Today, as we fight this unprecedented pandemic, COVID treatment has been prioritized, and women’s health has taken a backseat.
By Namita Thapar,
Far from waning, the pandemic brought millions of lives under its fold, plunging healthcare systems into a deep coma. Like all other crisis, the outbreak has affected women disproportionately. Historic anecdotes bear testimony to the fact that healthcare crisis have never been gender neutral and coronavirus is no exception. Today, as we fight this unprecedented pandemic, COVID treatment has been prioritized, and women’s health has taken a backseat.
Even before the pandemic, we had dismal statistics such as India ranking 155th out of 156 countries surveyed on women’s health as per a report published by World Economic Forum 2021. This plight has only deteriorated in many ways in the last on year.
In fact, experts like Dr. Nozer Sheriar, consulting Obstetrician and Gynaecologist with a longstanding commitment to the promotion of women’s health and rights, assert that sexual and reproductive health services for women, though listed as essential, were treated with benign neglect in the face of the increased burden on the health care system due to COVID-19. From these services, it was family planning and safe abortion services that were considered less important than maternal and new-born care services during the pandemic. The Federation of the Obstetric and Gynaecological Societies of India (FOGSI) registry and our survey on ‘Understanding Obstetric care during Covid 19 pandemic’, (a pan-India survey where 93 Obstetrician and Gynaecologists shared their experience of past 14 months (May 2021) findings demonstrated that most women with COVID-19 during pregnancy had an uneventful course. Pre-term labour, miscarriage, termination, C section did not seem to increase in pregnant women with COVID-19. Whether the virus passes on to the new-born has not been established yet, though evidence shows an extremely low probability of this.
Zooming in on Concerns About Pregnant Women with COVID-19
As per leading gynaecologists most women will only need symptomatic care with simple medications such a paracetamol. What drugs can be used and cannot be used for pregnant women is fairly clear. . During these trying times, social distancing has made teleconsultation an effective and the safest medium for interaction between patients and doctors. It is imperative to monitor anaemia and hypertension in pregnant women and fewer routine antennal care visits could mean lost opportunities to diagnose them. As we battle a pandemic, the issues of postpartum depression, anxiety and paranoia may be exacerbated. Dr. Parikshit Tank, Joint Treasurer, FOGSI corroborates this point and agrees that all these factors lead to a delayed post-delivery recovery and could have long term impacts on women’s health.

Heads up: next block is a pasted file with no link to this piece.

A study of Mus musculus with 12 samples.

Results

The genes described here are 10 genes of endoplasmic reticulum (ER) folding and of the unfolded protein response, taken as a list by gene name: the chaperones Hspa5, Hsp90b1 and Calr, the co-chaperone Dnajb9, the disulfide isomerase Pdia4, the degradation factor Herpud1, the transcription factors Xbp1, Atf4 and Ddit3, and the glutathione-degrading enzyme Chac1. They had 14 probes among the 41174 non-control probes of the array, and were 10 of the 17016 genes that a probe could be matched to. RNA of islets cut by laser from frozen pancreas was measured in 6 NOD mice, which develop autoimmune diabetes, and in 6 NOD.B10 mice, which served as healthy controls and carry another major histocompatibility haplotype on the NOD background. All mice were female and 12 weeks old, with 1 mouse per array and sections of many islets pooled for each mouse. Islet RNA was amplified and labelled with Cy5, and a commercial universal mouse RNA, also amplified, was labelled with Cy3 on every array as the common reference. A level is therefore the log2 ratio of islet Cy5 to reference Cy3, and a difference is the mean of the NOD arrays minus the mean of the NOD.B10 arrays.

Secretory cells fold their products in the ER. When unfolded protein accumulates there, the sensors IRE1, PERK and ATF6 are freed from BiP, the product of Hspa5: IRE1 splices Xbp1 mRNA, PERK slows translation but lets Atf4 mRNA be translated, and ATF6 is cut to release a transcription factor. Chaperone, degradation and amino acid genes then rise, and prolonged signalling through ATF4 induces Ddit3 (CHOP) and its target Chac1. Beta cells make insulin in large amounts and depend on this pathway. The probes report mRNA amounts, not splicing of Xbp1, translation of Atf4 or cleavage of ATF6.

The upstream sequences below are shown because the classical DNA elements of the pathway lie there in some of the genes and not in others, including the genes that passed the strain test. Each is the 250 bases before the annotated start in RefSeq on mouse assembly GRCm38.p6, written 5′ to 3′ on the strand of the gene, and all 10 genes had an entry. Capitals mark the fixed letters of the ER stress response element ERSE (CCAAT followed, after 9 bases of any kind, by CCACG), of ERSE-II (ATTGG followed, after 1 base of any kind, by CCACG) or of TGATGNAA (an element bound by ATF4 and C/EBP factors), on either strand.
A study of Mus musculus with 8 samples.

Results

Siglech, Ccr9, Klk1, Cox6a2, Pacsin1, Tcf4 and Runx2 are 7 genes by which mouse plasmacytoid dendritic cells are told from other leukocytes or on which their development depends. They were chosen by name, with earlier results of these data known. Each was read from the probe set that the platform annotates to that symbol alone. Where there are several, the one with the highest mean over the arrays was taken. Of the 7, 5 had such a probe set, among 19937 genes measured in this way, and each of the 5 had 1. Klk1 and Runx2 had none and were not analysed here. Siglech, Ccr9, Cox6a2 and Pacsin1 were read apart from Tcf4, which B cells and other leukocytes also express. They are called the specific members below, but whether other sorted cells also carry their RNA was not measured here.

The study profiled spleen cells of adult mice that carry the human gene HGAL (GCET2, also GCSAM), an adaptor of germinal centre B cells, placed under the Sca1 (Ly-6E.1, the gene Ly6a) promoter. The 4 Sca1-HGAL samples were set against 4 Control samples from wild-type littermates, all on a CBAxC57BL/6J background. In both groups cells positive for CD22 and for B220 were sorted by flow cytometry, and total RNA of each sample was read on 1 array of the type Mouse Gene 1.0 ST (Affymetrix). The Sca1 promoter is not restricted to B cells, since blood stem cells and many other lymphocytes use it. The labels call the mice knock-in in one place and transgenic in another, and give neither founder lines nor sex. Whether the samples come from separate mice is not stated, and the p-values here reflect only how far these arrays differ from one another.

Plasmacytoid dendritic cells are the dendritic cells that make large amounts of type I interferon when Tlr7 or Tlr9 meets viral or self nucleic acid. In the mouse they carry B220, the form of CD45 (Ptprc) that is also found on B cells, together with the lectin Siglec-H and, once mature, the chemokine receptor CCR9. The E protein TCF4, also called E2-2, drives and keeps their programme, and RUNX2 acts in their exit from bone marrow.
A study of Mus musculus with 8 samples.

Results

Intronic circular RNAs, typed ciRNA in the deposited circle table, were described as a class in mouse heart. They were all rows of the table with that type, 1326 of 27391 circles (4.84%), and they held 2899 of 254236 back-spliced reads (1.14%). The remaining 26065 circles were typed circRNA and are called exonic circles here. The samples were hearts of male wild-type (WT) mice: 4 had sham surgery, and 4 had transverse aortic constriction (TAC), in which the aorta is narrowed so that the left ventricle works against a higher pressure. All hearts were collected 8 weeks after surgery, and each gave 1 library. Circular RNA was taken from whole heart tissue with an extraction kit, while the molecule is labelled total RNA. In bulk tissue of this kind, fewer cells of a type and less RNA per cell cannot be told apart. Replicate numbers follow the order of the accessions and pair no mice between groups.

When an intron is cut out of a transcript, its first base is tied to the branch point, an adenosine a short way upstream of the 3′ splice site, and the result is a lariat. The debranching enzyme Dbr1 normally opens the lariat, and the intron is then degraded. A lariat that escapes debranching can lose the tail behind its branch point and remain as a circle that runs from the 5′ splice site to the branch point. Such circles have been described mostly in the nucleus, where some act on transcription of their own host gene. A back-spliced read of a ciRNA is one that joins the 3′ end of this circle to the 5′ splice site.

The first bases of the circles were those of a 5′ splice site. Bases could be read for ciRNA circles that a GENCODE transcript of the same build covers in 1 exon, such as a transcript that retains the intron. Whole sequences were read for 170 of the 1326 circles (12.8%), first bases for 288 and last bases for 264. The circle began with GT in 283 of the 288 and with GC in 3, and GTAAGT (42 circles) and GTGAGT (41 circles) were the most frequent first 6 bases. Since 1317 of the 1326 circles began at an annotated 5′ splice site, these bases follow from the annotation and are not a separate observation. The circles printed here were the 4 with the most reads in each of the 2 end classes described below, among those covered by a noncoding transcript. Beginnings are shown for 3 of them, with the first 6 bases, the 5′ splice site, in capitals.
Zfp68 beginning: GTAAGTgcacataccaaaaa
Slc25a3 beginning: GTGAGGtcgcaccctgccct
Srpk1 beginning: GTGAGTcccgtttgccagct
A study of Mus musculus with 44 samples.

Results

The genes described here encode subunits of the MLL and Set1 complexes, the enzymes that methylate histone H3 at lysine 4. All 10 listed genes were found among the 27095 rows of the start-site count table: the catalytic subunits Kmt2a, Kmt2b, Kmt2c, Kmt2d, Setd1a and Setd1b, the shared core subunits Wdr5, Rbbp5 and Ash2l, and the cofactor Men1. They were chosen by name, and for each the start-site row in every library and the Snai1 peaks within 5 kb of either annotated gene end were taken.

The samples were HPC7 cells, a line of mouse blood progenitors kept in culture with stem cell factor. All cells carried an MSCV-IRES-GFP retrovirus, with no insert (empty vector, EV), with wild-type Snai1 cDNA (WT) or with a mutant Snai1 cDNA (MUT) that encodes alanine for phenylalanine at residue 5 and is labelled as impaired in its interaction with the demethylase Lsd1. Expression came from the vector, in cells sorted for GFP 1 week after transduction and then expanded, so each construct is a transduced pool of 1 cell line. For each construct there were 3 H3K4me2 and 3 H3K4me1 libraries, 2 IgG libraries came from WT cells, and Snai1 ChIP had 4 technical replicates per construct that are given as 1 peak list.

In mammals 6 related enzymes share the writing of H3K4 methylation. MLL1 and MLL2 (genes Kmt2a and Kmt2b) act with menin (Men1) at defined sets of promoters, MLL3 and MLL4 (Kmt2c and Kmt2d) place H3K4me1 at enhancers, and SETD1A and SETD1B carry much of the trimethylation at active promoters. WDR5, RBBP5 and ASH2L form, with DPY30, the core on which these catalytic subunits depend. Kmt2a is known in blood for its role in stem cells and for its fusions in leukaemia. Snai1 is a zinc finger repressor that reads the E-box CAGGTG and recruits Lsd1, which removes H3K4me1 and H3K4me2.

Additionally, as clinic visits entail being exposed to the risk of contracting the virus, infertility treatments have been impacted. This has led to couples who have time sensitive concerns for fertility treatment like advanced reproductive age, diminished ovarian reserve or reducing sperm counts deferring their treatment
Salvaging the Situation: Measures to Prevent COVID-19 in Pregnant Women
At the centre of these concerns stands the efficacy and safety of vaccination during pregnancy and breastfeeding. It is essential to vaccinate this group. Very recently vaccination has been approved for lactating women. However, it is essential to announce a policy to vaccinate pregnant women. Additionally, there are several myths around vaccinations that are completely unfounded such as vaccines cause infertility and changes in periods. There needs to be education and awareness campaigns around these myths to reduce the paranoia and to push the government to allow vaccination in pregnancy. This view is consistent with the position statement by FOGSI under the leadership of Dr. Alpesh Gandhi, President and Dr. Shantha Kumari, President Elect, advocating vaccination in this group.
The pandemic has certainly changed our lives in unpredictable and unprecedented ways. And non-Covid diseases and conditions have been impacted the most due to reduced clinic visits and acute shortage of medical staff and hospital infrastructure for both detection and treatment of non-Covid conditions including surgeries. It is critical to not lose sight and give attention to non-Covid patients as well. To ensure that India does not reel under the added burden of these problems in a post COVID-19 era, there is a dire need to continue educating healthcare experts and the masses about the importance of self-care and have a robust healthcare infrastructure in place.
(The author is Executive Director at Emcure Pharmaceuticals. Views expressed are personal and do not reflect the official position or policy of the Financial Express Online.)